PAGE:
Umm... Just Sayin'!

By: Embrocation Jul 26


Last week Wiggins and Froome went one, two in the Tour de France, both using Osymetric chainrings. Now, does this mean the Osymetric rings were the reason for victory? Of course not, but it at least validates that there was possibly some performance value to them for the top two finishers in this year's tour.

As always, we're stocking and using the Osymetric rings ourselves and have just received another shipment of ring sets in last week. Feel free to view more information about the Osymetric product and as always, contact us if you have any questions on this or any of our products.

Osymetric Chainring Set - $299

Select Chainring Configuration -

 

FMB: Tubulars explained.

By: Embrocation Nov 18


A tubular tyre is simply an innertube sewn into a casing. On the outside of that, the base tape and tread are glued, and yet such a simple thing can have such a huge effect on your performance. Traction and ride quality are two of the top features that have to be considered for any tubular. Both of these are key elements to riding fast in cyclocross. If you do not have traction in the varied conditions found on any circuit, you can have all of the power in the world, but your dreams of a bike race will turn into a nightmare of a running event.


For those of us who are not fans of taking their cyclocross bikes for a run, we stock FMB’s SSC and Supermud tubulars. Handmade by France’s last tubular tyre company, these tubulars really give you an edge. The natural materials used—cotton for the casing, natural latex for the inner tube, and natural rubber for the tread—is the secret. Constructed by one of only 4 workers at FMB, likely even François himself, the end result of meticulously sourcing these materials is a tubular which has higher puncture resistance and is more flexible than other tyres on the market.


Why are these two qualities so important? It’s pretty straight forward. Added puncture protection from the closer weave of the cotton means fewer flats, while the more flexible carcass allows the tread to form to what it is in contact with, having a larger foot print on the ground, which gives the rider more grip. A knock-on bonus of this is that FMB tubulars have the same (or greater) level of flex as other tubulars, but at higher air pressures.


Another bonus to FMB artisan-crafted tubulars is their sharper tread. The other well-known European handmade tubular maker does not use the same tread patterns, and this means that FMB’s treads can cut into the dirt, mud, or snow more deeply, which will see you flying over the off-camber and carving turns like a fighter jet.

Text and images by Philip Gale

 

Giro Shoes

By: Nathaniel Ward Nov 10





If you look closely at Jeremy Powers’ feet these days, you’ll notice he is one of the few top pros who isn’t wearing the magic yellow slippers. Instead, he’s wearing a traditional looking black shoe with a red liner. That shoe is the Giro “Code”, and it is awesome. It has a super light and stiff Easton EC 90 carbon sole, Giro’s extra comfy velcro and ratchet buckle combo, and comes with the “SuperNatural Fit Kit”, which consists of two different sets of exchangeable arch supports to meet most fit needs right out of the box. I have been riding and racing in these shoes for a few weeks now, myself, and I have to say I have been really impressed. It’s a light shoe with a fairly aggressive and grippy tread, which is great for running in ‘cross races, and the EC 90 carbon sole definitely feels firm on the pedals. Being fussy about my footwear, pressed for time, and generally kind of neurotic about changing anything having to do with my riding position, the thing I like most about these shoes is that they fit well right out of the box and felt good on the first ride.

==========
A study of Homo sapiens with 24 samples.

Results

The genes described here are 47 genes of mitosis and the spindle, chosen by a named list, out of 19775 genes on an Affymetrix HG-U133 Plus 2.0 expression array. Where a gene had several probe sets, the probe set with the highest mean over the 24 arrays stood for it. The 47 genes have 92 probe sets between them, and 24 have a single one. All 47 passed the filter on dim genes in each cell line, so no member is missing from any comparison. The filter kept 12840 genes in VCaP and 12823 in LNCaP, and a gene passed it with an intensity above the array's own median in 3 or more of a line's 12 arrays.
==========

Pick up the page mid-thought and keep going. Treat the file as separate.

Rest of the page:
Sometimes it’s nice to change things up, equipment-wise, when said equipment isn’t going to be raced any time soon, and you can therefore take a long time to get used to the new stuff. This, and a wife with a knack for just the right birthday present, had me setting up a new pair of road shoes in mid-September, just in time to not road race for six months. My new pair of Giro “Trans” are my favorite pair of shoes, ever, and my training rides and trainer rides have been remarkably more comfortable and efficient these days. Despite the allegedly somewhat less stiff EC 70 carbon sole from Easton, (as opposed to the EC 90 of the Code) the Trans is incredibly stiff, and also light. Once again, as with the Code, the shoes fit well out of the box, and they manage to provide a feeling of comfort and security at the same time: the shoe doesn’t wiggle around on your foot and the power transfer feels efficient, yet the toe box is roomy and your feet don’t feel pinched.




Now that we have been riding and racing on these for awhile and we’ve convinced ourselves they’re up to our standards, we’re ready to pass them along to our readers and customers, so look for a selection of Giro shoes here in the web store soon.